Under the law, new licenses for marijuana businesses are tied to future population growth.

Oregon has put an indefinite pause on new marijuana licenses.

There are around 2,800 active licenses in the state for the farming, processing or sale of cannabis. Now, some business leaders say the industry is oversaturated, as it can’t export excess products to other states.

Mike Getlin is the Board Chair of the Cannabis Industry Alliance of Oregon. He also works for Nectar, a statewide chain.

“There are just far too many companies that are vying for a very limited market,” said Getlin. “It makes it virtually impossible for the vast majority of Oregon’s small cannabis businesses to be profitable.”

Since June 2018, a series of moratoriums and administrative pauses have temporarily stopped more licenses from being issued.

Now, a new law will permanently tie future licensure to population growth. According to Getlin, the move follows extensive lobbying efforts from the cannabis industry.

Moving forward, Oregon can't issue any new production or retail licenses until there's 7,500 smoking-age residents for every one license. For processing and wholesale, this ratio will need to be 12,500 to one.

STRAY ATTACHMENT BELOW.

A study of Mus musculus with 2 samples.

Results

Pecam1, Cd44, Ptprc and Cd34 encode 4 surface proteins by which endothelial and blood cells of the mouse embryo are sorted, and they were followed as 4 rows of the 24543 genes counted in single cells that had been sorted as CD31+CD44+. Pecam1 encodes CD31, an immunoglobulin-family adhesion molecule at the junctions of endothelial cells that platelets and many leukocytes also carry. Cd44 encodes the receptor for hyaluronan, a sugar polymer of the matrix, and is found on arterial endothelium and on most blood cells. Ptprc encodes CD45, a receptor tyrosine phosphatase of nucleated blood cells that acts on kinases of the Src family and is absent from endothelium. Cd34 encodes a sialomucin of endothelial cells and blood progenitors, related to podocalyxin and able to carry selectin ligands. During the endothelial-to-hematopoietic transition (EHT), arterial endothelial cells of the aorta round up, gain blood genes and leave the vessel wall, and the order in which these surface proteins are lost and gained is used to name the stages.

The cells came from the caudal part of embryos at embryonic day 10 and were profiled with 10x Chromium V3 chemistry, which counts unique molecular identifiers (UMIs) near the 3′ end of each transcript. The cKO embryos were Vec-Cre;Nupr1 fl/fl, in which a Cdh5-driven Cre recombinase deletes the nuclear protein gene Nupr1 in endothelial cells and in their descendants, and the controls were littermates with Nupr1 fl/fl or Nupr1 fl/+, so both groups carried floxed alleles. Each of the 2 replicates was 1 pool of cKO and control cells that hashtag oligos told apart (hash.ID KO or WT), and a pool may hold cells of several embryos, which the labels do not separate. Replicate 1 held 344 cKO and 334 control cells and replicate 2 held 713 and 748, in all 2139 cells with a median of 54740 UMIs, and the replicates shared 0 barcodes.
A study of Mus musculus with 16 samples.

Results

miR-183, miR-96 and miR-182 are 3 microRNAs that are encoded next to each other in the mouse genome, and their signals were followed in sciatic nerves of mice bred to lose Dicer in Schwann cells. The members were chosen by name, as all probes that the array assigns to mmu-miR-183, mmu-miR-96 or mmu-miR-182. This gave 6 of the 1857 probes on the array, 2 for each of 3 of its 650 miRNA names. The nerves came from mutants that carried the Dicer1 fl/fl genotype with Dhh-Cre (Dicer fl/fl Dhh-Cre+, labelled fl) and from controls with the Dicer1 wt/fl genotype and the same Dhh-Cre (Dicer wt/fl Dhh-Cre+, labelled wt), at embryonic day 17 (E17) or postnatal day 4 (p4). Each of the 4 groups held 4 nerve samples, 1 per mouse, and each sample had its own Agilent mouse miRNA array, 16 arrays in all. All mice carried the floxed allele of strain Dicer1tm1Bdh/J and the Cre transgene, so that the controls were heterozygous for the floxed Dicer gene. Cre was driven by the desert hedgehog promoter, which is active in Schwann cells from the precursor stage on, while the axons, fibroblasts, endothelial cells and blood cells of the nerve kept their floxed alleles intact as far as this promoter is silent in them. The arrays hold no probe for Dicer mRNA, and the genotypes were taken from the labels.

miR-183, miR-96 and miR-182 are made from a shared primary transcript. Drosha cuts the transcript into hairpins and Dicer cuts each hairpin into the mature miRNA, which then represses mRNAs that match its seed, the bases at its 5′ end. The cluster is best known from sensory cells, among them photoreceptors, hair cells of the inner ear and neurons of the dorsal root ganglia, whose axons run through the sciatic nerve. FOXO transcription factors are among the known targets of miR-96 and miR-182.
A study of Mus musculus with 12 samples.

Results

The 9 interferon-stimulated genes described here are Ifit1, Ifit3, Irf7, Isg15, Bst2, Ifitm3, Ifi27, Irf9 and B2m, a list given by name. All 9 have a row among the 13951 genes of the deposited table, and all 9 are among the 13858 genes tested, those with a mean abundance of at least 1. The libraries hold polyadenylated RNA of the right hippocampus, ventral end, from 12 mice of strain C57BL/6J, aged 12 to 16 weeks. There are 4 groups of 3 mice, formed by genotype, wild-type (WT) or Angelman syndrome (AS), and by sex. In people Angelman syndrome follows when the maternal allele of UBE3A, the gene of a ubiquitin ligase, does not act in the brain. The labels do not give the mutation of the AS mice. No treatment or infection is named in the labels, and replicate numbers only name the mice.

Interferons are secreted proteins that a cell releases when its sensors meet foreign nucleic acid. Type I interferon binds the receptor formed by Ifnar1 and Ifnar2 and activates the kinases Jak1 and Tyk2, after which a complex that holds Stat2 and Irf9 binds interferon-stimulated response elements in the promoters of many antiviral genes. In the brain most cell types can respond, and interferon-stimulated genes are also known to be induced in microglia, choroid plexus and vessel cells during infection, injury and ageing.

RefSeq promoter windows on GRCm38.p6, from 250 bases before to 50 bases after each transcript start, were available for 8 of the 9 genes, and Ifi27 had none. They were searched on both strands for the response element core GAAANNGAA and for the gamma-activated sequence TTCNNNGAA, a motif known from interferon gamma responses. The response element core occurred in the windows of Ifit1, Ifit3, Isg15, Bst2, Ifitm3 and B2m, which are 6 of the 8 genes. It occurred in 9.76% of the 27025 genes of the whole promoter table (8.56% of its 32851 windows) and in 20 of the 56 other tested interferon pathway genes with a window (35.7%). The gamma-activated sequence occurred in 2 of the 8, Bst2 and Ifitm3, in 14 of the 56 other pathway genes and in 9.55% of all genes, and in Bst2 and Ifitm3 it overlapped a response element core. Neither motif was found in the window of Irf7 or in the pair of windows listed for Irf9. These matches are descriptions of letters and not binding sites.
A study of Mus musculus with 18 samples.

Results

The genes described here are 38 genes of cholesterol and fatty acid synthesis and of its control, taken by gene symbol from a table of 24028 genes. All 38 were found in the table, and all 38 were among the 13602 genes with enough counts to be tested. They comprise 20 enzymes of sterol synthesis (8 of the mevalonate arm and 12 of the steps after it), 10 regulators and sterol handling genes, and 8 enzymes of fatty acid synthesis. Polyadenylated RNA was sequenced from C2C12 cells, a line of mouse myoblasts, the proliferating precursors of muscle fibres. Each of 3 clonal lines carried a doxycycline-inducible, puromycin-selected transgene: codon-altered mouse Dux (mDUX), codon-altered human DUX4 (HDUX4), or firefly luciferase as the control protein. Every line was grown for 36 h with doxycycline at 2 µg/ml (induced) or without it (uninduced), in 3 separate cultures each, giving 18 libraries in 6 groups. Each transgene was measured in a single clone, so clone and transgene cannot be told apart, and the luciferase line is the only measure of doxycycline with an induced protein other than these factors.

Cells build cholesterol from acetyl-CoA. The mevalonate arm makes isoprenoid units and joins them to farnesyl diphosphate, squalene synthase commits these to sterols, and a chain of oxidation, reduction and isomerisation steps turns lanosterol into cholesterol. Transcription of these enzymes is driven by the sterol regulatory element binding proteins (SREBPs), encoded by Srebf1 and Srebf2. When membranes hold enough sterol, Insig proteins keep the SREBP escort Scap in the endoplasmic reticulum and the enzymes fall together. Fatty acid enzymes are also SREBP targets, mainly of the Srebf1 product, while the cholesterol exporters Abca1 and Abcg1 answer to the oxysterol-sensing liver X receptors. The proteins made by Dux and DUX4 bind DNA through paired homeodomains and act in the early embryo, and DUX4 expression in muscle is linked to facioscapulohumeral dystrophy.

Getlin said the rules won’t fix the state's current overcrowding issues. But he said they will ensure that things don’t get worse.

“It allows us to do some long-term planning in a way that frankly we’ve never been able to do in Oregon in the past,” said Getlin, “because we never knew if we were going to suffer another 50% decrease in revenue.”

Mark Pettinger, a spokesperson for the Oregon Liquor and Cannabis Commission, said it could take decades before the conditions for more licenses are met. He said the number of businesses could also decrease over time, through state-surrendered licenses that aren't redistributed.

In the meantime, those looking to obtain a marijuana license will have to purchase an existing business.

Nathan Wilk joined the KLCC News Team in 2022. He is a graduate from the University of Oregon School of Journalism and Communication. Born in Portland, Wilk began working in radio at a young age, serving as a DJ and public affairs host across Oregon.